Oct022019

The New England states’ frameworks for reducing greenhouse gas emissions continue to evolve

Here’s an update on state goals in the region

Since 2001, the six New England states have been working to reduce greenhouse gas (GHG) emissions. Through regional agreements as well as state legislative mandates and aspirational goals, the New England states are moving toward economy-wide GHG reductions.

State GHG Reduction Mandates

State GHG Reduction Aspirational Goals

The New England states are promoting GHG reductions on a state-by-state basis, and at the regional level, through a combination of legislative mandates (e.g., CT, MA, RI, and ME) and aspirational, non-binding goals (e.g., NH, VT and the New England Governors and Eastern Canadian Premiers). MA, RI, NH, ME, and VT use a 1990 baseline year for emissions reductions. CT and the NEG-ECP use a 2001 baseline.Regional GHG Reduction Initiatives

The New England Governors and Eastern Canadian premiers (NEG-ECP) are pursuing non-binding GHG reduction goals adopted in August of 2001. In 2017, NEG-ECP released the 2017 Update of the Regional Climate Change Action Plan, originally issued in 2001, chronicling the progress in meeting GHG reduction goals:

  • Goal: Reduce GHG emissions to 1990 levels by 2010; Progress: the states indicate that the goal has been met
  • Goal: Reduce emissions by 10% below 1990 levels by 2020; Progress: as of the 2017 report, the states are on target to meet the goal
  • Goal: Reduce emissions to at least 35% to 45% below 1990 levels by 2030
  • Goal: Reduce emissions by 75% to 85% below 2001 levels by 2050

Additionally, five of the six New England Governors signed the 2015 nonbinding memorandum of understanding, entitled Under 2 MOU, that seeks to limit global warming to below two degree (2°) Celsius. As signatories, Connecticut, Massachusetts, Rhode Island, Vermont, and New Hampshire supported reducing GHG emissions to 80% to 95% below 1990 levels by 2050.

In addition to their individual state goals and laws, all six New England states have been members of the Regional Greenhouse Gas Initiative (RGGI) since 2007. The first mandatory cap-and-trade program in the United States to limit carbon dioxide (CO2) in the power sector, RGGI is a tool for some of the states to invest—via the revenue-generating auction mechanism of CO2 allowances—in efforts such as energy efficiency and renewable energy.

All six New England states are also members of the Transportation and Climate Initiative, a regional collaboration of 12 Northeast and Mid-Atlantic states and the District of Columbia that seeks to improve transportation, develop the clean energy economy and reduce carbon emissions from the transportation sector. Members aim to complete—by the end of 2019—the design of proposal for a regional low-carbon transportation policy using a cap-and-invest program or other pricing mechanism to reduce carbon emissions from transportation fuels. 

Renewable Portfolio Standards and Long-term Procurements

Adding renewable energy to the mix of power system resources is part of the strategy employed by the states to reduce GHG emissions. In this regard, each of the New England states requires that, by specific dates, retail electricity sales comprise certain percentages of renewable energy generation. The chart below is a snapshot of state requirements for electricity providers to supply customers with specified amounts of Class I or new renewable power by 2040.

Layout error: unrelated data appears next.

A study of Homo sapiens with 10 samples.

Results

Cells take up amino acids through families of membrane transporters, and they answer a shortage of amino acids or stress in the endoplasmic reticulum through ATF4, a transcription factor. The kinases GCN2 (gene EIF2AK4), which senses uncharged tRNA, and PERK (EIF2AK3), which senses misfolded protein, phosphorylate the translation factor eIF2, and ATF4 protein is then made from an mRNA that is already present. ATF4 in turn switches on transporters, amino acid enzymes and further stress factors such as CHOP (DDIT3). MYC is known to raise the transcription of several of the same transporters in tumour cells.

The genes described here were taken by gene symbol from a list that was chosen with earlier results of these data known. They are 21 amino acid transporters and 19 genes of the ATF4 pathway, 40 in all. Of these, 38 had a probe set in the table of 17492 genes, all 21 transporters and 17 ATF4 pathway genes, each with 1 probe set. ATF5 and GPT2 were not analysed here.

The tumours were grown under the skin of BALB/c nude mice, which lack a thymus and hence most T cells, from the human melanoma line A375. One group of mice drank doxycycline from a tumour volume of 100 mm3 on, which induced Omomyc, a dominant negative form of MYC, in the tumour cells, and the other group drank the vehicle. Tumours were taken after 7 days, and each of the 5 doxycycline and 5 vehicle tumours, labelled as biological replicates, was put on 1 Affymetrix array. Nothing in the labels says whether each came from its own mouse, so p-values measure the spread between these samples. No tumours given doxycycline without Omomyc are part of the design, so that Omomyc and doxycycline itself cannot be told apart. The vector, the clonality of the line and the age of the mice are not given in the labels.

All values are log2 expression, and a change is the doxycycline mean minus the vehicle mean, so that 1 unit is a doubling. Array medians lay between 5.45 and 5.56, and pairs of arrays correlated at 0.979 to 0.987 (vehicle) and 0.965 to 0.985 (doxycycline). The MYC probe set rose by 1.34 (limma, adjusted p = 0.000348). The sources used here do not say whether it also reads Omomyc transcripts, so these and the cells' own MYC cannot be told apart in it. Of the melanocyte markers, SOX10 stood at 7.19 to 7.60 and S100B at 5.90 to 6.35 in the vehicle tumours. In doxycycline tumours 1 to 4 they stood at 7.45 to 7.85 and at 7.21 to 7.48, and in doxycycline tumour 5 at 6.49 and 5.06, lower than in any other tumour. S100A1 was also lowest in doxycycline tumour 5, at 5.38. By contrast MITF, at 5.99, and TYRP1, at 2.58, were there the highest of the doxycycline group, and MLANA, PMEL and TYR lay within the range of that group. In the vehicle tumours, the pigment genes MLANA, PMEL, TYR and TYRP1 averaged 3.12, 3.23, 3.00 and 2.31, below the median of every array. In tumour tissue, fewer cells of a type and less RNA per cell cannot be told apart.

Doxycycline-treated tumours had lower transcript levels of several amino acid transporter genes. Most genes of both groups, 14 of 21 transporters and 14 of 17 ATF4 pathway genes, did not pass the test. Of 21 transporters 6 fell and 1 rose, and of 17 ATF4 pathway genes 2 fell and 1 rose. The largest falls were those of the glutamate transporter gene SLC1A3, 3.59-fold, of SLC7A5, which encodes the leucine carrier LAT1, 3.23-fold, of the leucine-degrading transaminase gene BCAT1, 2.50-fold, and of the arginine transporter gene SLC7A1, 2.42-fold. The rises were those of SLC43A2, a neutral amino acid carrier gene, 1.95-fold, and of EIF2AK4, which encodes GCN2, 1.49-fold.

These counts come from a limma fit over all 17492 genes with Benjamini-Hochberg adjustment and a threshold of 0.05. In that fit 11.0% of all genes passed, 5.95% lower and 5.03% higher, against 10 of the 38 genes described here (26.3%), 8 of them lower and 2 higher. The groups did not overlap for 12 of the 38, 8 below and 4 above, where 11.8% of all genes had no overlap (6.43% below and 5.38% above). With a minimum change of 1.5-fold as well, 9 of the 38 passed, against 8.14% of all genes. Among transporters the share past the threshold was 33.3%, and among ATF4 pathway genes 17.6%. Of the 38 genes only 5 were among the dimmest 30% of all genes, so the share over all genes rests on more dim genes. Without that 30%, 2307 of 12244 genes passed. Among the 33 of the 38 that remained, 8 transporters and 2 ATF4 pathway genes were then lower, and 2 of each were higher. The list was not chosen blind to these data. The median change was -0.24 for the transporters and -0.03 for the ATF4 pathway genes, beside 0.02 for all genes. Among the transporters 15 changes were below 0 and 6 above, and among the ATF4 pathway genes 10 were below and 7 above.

Notes: State RPS requirements promote the development of renewable energy resources by requiring electricity providers (electric distribution companies and competitive suppliers) to serve a minimum percentage of their retail load using renewable energy. Connecticut’s Class I RPS requirement plateaus at 40% in 2030. Maine’s Class I/IA RPS requirement increases to 50% in 2030 and remains at that level each year thereafter. Massachusetts’ Class I RPS requirement increases by 2% each year between 2020 and 2030, reverting back to 1% each year thereafter, with no stated expiration date. New Hampshire’s percentages include the requirements for both Class I and Class II resources (Class II resources are new solar technologies beginning operation after January 1, 2006). New Hampshire’s Class I and Class II RPS requirements plateau at 15.7% in 2025. Rhode Island’s requirement for ‘new’ renewable energy plateaus at 36.5% in 2035. Vermont’s ‘total renewable energy’ requirement plateaus at 75% in 2032; it recognizes all forms of new and existing renewable energy and is unique in classifying large-scale hydropower as renewable.

Beginning in 2015, several New England states began issuing requests for proposals (RFPs) to procure renewable and other clean energy resources to also help achieve their emissions reductions [and other policy] goals. Through these procurement efforts, which range from 20 MW to 2,000 MW, the states seek long-term contracts for the development (or retention) of more than 7,000 MW of clean energy resources. The states are targeting most of the resources to be on line in the 2020 to 2024 timeframe and if the current RFPs and approved contracts come to fruition, they will account for a significant portion of the regional electric load.

ISO New England’s External Affairs team tracks energy policy initiatives in the states and posts periodic updates on ISO Newswire.